There has been an incredibly pervasive reality that all Californians live with, thanks to the state’s unique geological architecture:  The state is ripe for devastating earthquakes.

The most overwhelming concern for these denizens of the west coast is “The Big One”; a colloquial term used to describe an earthquake so powerful that it dwarfs all others in magnitude, possibly sending California into the dark ages.  Or worse, the entire state could break off from the rest of the contiguous U.S. right at the San Andreas fault.

That latter bit of worry is likely overblown, but the idea has persisted in California folklore for decades, if not longer.

Now, a massive swarm of earthquakes has been detected near the famous fault over the course of the last week, renewing these fears of a catastrophic tectonic occurrence the likes of which the world has never seen.  Just this week, the San Andreas fault has been inundated with over 130 small shakes.

“Last week a series of 10 mini-earthquakes struck Monterey County in the US state, raising fears a monster tremor could devastate the region.

“A powerful, 4.6 magnitude quake 13 miles northeast of Gonzales, along the San Andreas Fault, was the largest to strike the region.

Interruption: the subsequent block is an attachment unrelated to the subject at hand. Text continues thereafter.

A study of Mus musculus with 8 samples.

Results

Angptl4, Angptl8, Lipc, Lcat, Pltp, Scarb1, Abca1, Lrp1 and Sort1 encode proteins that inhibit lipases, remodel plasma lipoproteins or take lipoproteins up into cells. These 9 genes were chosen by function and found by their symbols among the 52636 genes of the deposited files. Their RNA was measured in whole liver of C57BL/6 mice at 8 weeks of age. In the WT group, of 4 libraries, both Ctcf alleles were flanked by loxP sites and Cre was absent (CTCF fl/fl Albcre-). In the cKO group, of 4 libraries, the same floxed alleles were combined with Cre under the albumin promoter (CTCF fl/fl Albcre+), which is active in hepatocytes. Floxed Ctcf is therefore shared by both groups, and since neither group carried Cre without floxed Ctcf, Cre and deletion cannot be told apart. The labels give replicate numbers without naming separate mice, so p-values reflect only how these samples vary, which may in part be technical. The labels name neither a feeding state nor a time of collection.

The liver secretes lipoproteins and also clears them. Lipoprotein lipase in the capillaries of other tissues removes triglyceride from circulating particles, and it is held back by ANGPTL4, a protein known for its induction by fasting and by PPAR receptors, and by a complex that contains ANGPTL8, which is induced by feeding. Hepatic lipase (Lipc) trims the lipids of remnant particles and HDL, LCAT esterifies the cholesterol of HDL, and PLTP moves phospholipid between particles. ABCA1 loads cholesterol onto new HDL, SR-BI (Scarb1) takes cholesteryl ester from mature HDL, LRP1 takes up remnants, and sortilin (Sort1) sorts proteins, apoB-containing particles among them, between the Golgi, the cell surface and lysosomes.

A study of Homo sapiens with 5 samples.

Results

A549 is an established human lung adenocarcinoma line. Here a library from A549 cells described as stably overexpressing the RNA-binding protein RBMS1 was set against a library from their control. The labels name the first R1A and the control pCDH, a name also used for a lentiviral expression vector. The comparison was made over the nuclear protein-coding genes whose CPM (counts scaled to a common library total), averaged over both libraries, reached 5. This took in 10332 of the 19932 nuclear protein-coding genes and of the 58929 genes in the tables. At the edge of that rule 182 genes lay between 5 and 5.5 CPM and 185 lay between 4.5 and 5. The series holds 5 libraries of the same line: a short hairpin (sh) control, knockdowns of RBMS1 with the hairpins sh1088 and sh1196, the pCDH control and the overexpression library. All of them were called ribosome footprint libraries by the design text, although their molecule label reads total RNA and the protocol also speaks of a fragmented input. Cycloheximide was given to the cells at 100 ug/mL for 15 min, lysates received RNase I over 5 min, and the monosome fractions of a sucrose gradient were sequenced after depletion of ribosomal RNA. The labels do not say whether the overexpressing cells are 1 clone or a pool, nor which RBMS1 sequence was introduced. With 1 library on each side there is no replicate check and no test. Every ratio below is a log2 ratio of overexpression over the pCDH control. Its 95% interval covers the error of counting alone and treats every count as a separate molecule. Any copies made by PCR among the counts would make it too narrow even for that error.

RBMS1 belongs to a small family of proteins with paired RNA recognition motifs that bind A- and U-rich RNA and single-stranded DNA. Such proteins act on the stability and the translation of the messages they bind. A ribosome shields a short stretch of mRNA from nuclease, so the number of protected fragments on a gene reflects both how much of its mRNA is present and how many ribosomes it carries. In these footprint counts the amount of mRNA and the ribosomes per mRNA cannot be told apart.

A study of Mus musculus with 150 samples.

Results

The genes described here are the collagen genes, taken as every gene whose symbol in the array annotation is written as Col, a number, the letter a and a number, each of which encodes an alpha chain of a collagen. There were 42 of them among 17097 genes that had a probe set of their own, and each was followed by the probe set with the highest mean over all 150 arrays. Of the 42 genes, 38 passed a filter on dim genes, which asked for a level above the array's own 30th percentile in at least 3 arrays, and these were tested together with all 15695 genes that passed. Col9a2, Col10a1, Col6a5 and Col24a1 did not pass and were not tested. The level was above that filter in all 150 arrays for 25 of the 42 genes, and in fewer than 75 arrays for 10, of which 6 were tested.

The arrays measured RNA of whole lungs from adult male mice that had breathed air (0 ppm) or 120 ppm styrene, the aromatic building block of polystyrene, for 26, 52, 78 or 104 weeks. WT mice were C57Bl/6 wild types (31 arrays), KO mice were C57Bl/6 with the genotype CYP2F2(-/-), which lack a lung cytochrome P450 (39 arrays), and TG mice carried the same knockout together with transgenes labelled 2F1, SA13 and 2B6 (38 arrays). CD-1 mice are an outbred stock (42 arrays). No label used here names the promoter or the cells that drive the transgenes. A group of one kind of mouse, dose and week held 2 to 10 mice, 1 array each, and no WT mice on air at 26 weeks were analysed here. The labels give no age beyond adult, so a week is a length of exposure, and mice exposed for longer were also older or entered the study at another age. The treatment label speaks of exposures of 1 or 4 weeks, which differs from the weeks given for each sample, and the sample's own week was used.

“The San Andreas Fault – a 750-mile fissure that runs the length of California – is thought to be long overdue a ‘Big One’ earthquake measuring magnitude 7 or greater.

“Since last week, a whopping 134 earthquakes within three miles of that 4.6 tremor were recorded, USGS said.

“In the short term, this swarm has dramatically increased the chances of a colossal earthquake rattling the region, according to experts.

“Scientists believe the US state is long overdue a magnitude 7 or greater earthquake by around 50 years.”

Even the conservative estimates of the damage that would occur with such a quake are horrifying.

Not only would there be mass casualties immediately, (possibly in the realm of 1,800 or more fatalities), but a massive release of pressure from the famed fault would likely be felt as far away as Las Vegas, Nevada or parts of Arizona.